There were many things I wanted to ask Andrey Zvyagintsev about the unspoken secrets his film “The Return” is full of. But then again, if he wanted us to know all the answers, he would have put them in there in the first place. So rather than ruin it for you, I got the 40-year-old actor-turned-director to dance around the big questions . . .
I heard that the original script was more like a normal Hollywood thriller. How did you alter it?
It’s like when you’re buying a suit; if the pants are too long, and the waist is too wide, you have it tailored to fit your size, so it looks good on you. It’s like that with the script.
But it seems like a lot of very clear points were made vague. For example, when the father comes home after 12 years, most films would tell you why . . .
The original scenario was really a clear-cut genre film. It started and ended with the two boys, now adults aged around 40, sitting on the balcony of an apartment in Manhattan and reminiscing. It had this framework of telling the story as a flashback, but I felt that would dissipate the emotion. It feels like something that already happened, and I didn’t like that. I wanted you to feel like you’re the only witness to these scenes, like they’re happening now. As to how I changed the script, for example, in the film there’s a scene where the father tells the boys he doesn’t eat fish anymore. And they ask him why, but he doesn’t say anything in my film. But in the original screenplay, he had a two-page monologue!
I always want to make things more succinct. If I’d included that, the character would have been another man entirely. There are three things I can tell you that I’m always aiming for in my work: one, conciseness; two, to observe things closely; three, to allow time to pass slowly, naturally.
David Lynch once remarked that “fragments of things are pretty interesting. You can dream the rest.”
I totally agree. If a film doesn’t retain some mystery, or secret, it’s a failure. If you sum everything up by the last reel, then people just spend 90 minutes waiting for the answer. There’s no point in that. It’s a poor connection between the film and the audience. How I see it, the viewer, his perception — or “dream” — has to be half of what makes up a film.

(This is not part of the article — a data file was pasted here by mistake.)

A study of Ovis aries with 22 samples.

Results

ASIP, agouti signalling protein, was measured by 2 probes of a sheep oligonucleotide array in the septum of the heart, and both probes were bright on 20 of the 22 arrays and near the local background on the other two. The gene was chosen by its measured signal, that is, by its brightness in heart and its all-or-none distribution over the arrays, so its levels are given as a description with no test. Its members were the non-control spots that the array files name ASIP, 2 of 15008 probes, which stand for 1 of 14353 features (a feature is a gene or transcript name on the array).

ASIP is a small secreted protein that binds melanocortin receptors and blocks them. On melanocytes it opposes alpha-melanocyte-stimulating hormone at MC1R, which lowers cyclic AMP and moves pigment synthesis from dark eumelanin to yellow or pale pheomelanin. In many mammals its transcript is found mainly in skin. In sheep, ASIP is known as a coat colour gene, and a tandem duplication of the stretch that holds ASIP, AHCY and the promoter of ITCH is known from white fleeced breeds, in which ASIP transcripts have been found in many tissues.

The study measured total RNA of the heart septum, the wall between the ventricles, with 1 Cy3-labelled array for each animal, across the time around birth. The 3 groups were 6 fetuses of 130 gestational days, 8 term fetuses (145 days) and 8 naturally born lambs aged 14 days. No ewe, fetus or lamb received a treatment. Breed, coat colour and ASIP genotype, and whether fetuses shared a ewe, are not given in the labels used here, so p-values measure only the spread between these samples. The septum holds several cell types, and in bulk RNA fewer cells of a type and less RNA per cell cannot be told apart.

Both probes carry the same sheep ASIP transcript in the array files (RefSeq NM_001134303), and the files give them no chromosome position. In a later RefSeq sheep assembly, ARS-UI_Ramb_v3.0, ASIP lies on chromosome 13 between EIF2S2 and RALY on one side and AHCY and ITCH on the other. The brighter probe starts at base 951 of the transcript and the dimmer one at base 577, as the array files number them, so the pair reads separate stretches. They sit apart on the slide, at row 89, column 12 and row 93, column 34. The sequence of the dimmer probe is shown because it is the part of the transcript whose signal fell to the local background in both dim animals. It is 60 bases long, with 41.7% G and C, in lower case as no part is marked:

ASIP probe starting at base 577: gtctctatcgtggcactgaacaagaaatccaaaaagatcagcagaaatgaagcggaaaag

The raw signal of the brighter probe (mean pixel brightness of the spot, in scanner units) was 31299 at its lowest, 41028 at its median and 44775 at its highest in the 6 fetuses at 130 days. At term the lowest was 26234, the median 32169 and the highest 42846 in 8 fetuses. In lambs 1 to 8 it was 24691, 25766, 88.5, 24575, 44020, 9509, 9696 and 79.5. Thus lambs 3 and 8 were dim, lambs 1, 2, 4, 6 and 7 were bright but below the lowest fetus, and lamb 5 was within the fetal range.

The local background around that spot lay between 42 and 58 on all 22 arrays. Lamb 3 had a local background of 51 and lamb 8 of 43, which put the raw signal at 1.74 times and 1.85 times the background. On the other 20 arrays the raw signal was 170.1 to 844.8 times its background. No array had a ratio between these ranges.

When you were editing the film did you find places in it where you thought you were giving away too much and so you took them out?
For example, the scenes where they stop in this unidentified town after they leave their home, where they go to the gas station and the father’s making all those calls, where he’s looking at women in the rearview mirror. This bit kept bugging me like a sore tooth. But when I tried to imagine taking part of it out, I couldn’t put my finger on it, so I left it all in. If you watch the DVD, you can see the scenes that I did cut. Those were easy decisions to make.
Konstantin has to give a guarded performance. How did you direct him, and I’m wondering if you ever spoke to him about where his character was for those 12 years.
I didn’t tell him anything. Actually, even from when we were still doing the casting, he wasn’t that interested in what his character had been doing for 12 years or where he’d been. For Konstantin, the important thing was being concerned with the future. He was concerned with giving a natural performance, and not getting too hung up with the details of his character.
But what advice did you give him regarding his relationship with his sons?
Well, we rehearsed every scene straight through. And if I caught something that didn’t feel right, I’d tell him, you should do this, or you shouldn’t do that. But it never required more than really simple directions like that. I don’t think there’s any point in explaining or discussing such things. The important thing is to find the perfect actor for the role in the first place. If you find the right person, they’ll nail the part perfectly. But actually, my choice of Konstantin violated that principle.
If you met Konstantin, you’d be really surprised. He’s a really gentle guy, with a quiet voice, nice to people. You’d never believe he was that character. But he’s an actor, he wanted to do it. But do you want to know why I chose him? I was looking for a somewhat unknown actor, and had probably 20 or 25 people in for auditions, but most of them were too brutal. Only Konstantin had this sensitivity. The other guys would just come off as monsters during the readings, but although Konstantin was changing his personality to fit the role, some of it came through. So he could play brutal and cruel, but the kind side of his personality came through as well, making it a really three-dimensional performance.